At a Washington rally on Tuesday, AFL-CIO unions called for extending collective bargaining rights to Transportation Security Administration employees, and said those employees should join the American Federation of Government Employees, one of two unions seeking to organize TSA workers.
AFGE, a member of the AFL-CIO, filed a petition with the Federal Labor Relations Authority on Monday requesting an election to determine which union should represent the 40,000 rank-and-file transportation security officers who work for TSA. The National Treasury Employees Union, which is not affiliated with a labor federation, also has been organizing TSA workers into local chapters.
The AFL-CIO leaders who turned out at the rally did not mention NTEU, but they did show their support for AFGE.
"They [TSA screeners] know AFGE has gone to bat for them," said Elizabeth Shuler, AFL-CIO secretary-treasurer. "They know which union has been on their side."
NTEU has emphasized its status as a federal union, saying TSA workers' dues would go exclusively toward supporting its efforts on their behalf. The union also has touted its experience with law enforcement workers and the Homeland Security Department, where it represents Customs and Border Protection employees. NTEU's campaign to organize CBP was the largest unionization drive the federal government has ever experienced, though it will be eclipsed by the fight at TSA, where as many as 40,000 workers could choose to join a labor organization.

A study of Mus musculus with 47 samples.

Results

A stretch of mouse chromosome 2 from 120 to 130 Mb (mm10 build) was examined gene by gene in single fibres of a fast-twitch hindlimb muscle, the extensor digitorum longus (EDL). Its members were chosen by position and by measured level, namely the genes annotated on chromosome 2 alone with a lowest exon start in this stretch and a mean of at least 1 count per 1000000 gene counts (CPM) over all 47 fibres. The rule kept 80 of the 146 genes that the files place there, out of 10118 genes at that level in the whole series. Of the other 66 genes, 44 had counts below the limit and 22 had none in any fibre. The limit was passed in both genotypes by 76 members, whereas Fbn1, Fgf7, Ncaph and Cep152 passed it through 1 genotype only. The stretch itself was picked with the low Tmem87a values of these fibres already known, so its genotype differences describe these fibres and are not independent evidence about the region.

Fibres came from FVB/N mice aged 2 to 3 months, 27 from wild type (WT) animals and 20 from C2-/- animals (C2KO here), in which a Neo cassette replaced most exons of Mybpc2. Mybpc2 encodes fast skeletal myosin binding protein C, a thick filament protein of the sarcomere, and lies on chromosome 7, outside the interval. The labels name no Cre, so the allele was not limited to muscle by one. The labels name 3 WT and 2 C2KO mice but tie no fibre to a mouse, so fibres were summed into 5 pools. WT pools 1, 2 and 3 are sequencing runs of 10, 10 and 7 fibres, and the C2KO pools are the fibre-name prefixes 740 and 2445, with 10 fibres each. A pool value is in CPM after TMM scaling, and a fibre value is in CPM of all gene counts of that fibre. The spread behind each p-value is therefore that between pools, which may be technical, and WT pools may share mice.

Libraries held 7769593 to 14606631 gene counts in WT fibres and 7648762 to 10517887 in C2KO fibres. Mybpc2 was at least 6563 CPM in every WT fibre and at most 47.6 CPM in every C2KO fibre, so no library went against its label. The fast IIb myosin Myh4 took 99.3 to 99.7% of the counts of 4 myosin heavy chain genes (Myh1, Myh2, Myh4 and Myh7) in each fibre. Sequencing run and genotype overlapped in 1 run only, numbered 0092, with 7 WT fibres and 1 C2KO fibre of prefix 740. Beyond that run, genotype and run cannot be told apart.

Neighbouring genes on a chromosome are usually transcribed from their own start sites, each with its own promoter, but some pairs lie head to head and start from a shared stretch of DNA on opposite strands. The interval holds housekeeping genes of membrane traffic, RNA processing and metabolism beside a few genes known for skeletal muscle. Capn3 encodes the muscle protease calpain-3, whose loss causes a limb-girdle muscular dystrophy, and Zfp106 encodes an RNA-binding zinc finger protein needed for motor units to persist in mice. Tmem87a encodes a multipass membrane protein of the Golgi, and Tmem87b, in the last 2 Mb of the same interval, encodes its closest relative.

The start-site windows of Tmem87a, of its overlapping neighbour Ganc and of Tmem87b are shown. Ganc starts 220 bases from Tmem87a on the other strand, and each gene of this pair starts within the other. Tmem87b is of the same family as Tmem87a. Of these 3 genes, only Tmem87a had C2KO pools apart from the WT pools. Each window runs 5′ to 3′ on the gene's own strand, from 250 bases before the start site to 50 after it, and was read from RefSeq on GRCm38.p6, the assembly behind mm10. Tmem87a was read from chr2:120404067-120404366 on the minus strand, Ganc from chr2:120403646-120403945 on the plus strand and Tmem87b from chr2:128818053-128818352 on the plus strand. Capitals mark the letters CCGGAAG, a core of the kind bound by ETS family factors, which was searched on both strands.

"NTEU is prepared to fight for and win a union election should the authority grant this petition," NTEU President Colleen Kelley said in a statement released on Monday. "Employees will have a choice about who their exclusive representative is, and we are prepared to make the case that we are the better choice."
Shuler and other AFL-CIO leaders, including executive vice president Arlene Holt Baker, have worked with AFGE to reach out to TSA employees at airports across the country.
Ricky McCoy, president of AFGE's TSA Local 777, said he was confident the union would win a national election.
"We're not even worried about the other guys," he said. "We're going to go back to the airport and do what we have to do."
Union leaders also had sharp words for the Obama administration. As a candidate for president, Obama promised to restore collective bargaining rights to TSA employees, and Janet Napolitano, his choice for Homeland Security secretary, said early in her tenure that she was looking into whether she had the authority to grant them those rights. When TSA was established in 2002, Congress gave the agency's administrator authority to extend or deny collective bargaining rights to the workforce. Neither Napolitano nor Obama have moved to extend those rights, and Obama's choice to head TSA withdrew his nomination in January.
"We're telling them to get the hell out of our way while we exercise our rights," said AFGE President John Gage. "Whether it's the Senate, DHS or the White House, get out of our way."
Lawmakers and labor leaders said that unionization could help solve TSA's management problems. Rep. Nita Lowey, D-N.Y., who is sponsoring legislation that would extend collective bargaining rights to TSA said, "We have to stop the brain drain" at the agency by examining its pay system, training programs and career paths.
National Air Traffic Controllers Association President Paul Rinaldi said a union would give TSA employees a forum for providing recommendations to the agency.
TSA employees are "the ones who will be able to tell them there are problems in the screening," Rinaldi said. "You're the ones who will be able to tell management that we need more staffing."